Latest Briefs from RV Parks & Campgrounds

May 30, 2013 by   - () Comments Off on Latest Briefs from RV Parks & Campgrounds


From the Star Tribune, Minneapolis

Xcel Energy Inc. must remain on the sidelines of a legal battle that could decide whether the utility’s coal-burning power plant in Becker, Minn., must cut emissions to reduce haze over Voyageurs National Park.

U.S. Magistrate Judge Janie Mayeron on Wednesday denied Minneapolis-based Xcel’s request to intervene in a federal lawsuit by the National Parks Conservation Association and five other groups against the U.S. Environmental Protection Agency (EPA). The suit accuses the agency of not enforcing air pollution rules at Xcel’s Sherco power plant — a charge EPA has denied.

Mayeron said Xcel had no legal right to join the suit even though it could cost $280 million for new pollution controls. Xcel has denied allegations by the U.S. Interior Department that the plant’s emissions cause haze, or reduced visibility, over Voyageurs in northern Minnesota and Isle Royale National Park in Lake Superior.


From the Eagle Tribune, North Andover, Mass:

Anyone who hasn’t seen a New Hampshire State Park license plate isn’t alone. There are fewer than 1,200 of them statewide.

The state’s conservation — moose — plate has proven quite popular, with nearly 45,000 vehicles sporting them. But the state parks plate is not enjoying the same results.

The plates have been available for purchase since May 2, 2011, but year to date for fiscal year 2013, just 1,193 plates are on the road.

That’s a disappointing number for state officials, who saw the plate as a new revenue source for the self-funded state parks system.

House Bill 1620 established the special license plate in 2010 and the plates became available a year later.

For $85, plus a first-time new plate fee of $8, a car owner gets free admission to any of the state’s day-use parks, including the popular beach parks in Hampton and at Wallis Sands. The plate covers admission for passengers, too.

“It’s a great deal, but there’s an upfront hit,” said Amy Bassett, state parks department spokeswoman.


From the Rapid City Journal:

South Dakota could see a record amount of camping in state parks and recreation areas this year, Parks Director Doug Hofer said.

A prolonged winter set back visitation but the trend appears to be turning with the weather. Nearly all of the 4,190 campsites at state parks and recreation areas were filled over the Memorial Day weekend.


From The Associated Press:

The state Department of Natural Resources (DNR) has launched a review of water use at Peninsula State Park as part of a project designed to help improve water efficiency across the state park system.

The DNR has hired a Franklin-based plumbing company to test Peninsula State Park’s toilets, pipes and other plumbing for leaks and gauge the plumbing’s efficiency.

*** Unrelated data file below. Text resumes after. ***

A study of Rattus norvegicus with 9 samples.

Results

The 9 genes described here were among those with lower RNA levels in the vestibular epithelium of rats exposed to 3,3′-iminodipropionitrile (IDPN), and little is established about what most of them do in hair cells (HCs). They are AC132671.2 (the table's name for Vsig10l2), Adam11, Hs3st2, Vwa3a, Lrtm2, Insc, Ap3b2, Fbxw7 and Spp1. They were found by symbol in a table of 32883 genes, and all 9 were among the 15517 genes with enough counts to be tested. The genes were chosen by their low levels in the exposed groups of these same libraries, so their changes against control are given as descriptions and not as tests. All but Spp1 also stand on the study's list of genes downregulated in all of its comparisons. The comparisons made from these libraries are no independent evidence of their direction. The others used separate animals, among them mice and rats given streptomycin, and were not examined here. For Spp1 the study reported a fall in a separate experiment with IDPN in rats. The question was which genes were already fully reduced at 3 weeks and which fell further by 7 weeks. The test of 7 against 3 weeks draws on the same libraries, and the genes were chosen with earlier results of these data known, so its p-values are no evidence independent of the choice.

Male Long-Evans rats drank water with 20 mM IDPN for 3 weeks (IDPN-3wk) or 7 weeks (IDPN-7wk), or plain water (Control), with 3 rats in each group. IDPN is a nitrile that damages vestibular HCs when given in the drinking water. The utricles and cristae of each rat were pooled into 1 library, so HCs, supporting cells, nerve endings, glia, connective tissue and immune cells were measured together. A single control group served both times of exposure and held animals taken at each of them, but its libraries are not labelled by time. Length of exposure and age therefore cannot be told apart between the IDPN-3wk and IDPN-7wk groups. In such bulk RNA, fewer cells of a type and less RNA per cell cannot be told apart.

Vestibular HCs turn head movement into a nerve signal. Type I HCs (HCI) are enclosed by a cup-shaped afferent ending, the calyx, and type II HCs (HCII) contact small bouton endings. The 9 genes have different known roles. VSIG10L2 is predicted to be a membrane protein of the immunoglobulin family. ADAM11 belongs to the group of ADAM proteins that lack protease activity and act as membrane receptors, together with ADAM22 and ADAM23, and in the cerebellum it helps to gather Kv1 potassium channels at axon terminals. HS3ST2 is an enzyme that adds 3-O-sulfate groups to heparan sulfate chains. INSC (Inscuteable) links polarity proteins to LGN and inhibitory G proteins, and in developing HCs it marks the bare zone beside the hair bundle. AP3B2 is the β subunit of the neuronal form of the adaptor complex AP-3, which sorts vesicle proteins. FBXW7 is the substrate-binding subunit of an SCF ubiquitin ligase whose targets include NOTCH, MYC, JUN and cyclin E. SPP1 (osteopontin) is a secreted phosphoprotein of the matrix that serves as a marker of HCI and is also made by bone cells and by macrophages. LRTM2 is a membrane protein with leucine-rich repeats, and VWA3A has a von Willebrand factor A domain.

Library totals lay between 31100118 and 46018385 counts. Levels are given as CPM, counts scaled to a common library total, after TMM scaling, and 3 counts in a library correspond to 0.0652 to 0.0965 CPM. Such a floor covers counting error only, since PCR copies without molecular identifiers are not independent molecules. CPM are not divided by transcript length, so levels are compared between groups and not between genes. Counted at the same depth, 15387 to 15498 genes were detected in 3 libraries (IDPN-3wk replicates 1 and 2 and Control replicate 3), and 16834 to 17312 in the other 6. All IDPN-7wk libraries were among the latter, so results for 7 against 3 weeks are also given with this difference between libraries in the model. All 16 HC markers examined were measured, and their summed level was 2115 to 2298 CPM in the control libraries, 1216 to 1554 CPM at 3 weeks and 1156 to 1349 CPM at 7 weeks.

After the plumbing company files its report the DNR will decide what improvements to make immediately at the Door County park. The project includes a follow-up review in May 2014.

The study is part of a project aimed at developing recommendations to cut all state parks’ water use and costs.


From the Charleston Daily Mail:

It’s been a rough past 12 months for West Virginia’s state parks system.

Last June, a system of severe wind storms termed a derecho wreaked havoc on much of the state, causing damage to many of the 36 state parks. Just as cleanup efforts from the derecho were winding down, along came Sandy.

Kenneth Caplanger, chief of the Division of Natural Resources, said the derecho caused $1.3 million in direct and indirect losses. “We took a very large revenue hit, but business was just starting to pick up and get back to normal when Superstorm Sandy came through,” he said.

When Sandy hit last October, it caused damage to six state parks and one wildlife management area.

Much of the debris, fallen trees and property damage have been repaired or removed in the following months, but one park remains closed and others still bear signs of the storms.

Brad Reed, district administrator for the parks system, said most of the damage from Sandy at Blackwater Falls, Canaan Valley, Holly River, Hawks Nest, Kumbrabow State Parks and Plum Orchard Wildlife Management Area has been repaired.

Only Cathedral State Park remains closed.

Hoy Murphy, public information officer for the DNR, estimated damage from Sandy cost the parks system more than $200,000.

Reed said cleanup costs from both storms, which so far have totaled well over $1 million, have been handled by a combination of in-house and contracted workers.

Thanks to reimbursements from the state Board of Risk and Insurance Management and the Federal Emergency Management Agency (FEMA), Murphy said the parks system has “largely been made whole for the majority of expenditures.”


From West Fair Communicaitons, White Plains, N.Y.:

As usual, all of Connecticut’s 140 state parks and forests were open for Memorial Day weekend.

What makes this year special is that the park system is celebrating the start of its 100th season.

“The 2013 summer season promises to be one of the very best in the history of our park system,” Daniel C. Esty, commissioner of the Department of Energy and Environmental Protection, said in a press release. “As we head into the celebration of the Centennial of our parks it is more attractive than ever for families to get out and have fun in the outdoors.”

The park system has a number of projects under way. The Connecticut State Parks mobile app is up and running, nearly a quarter of the 100 new, rustic camping cabins are now open and several renovations and utility upgrades are in progress.

In Fairfield County, the Sherwood Island State Park in Westport is having solar photovoltaic panels installed to improve energy efficiency and water conservation.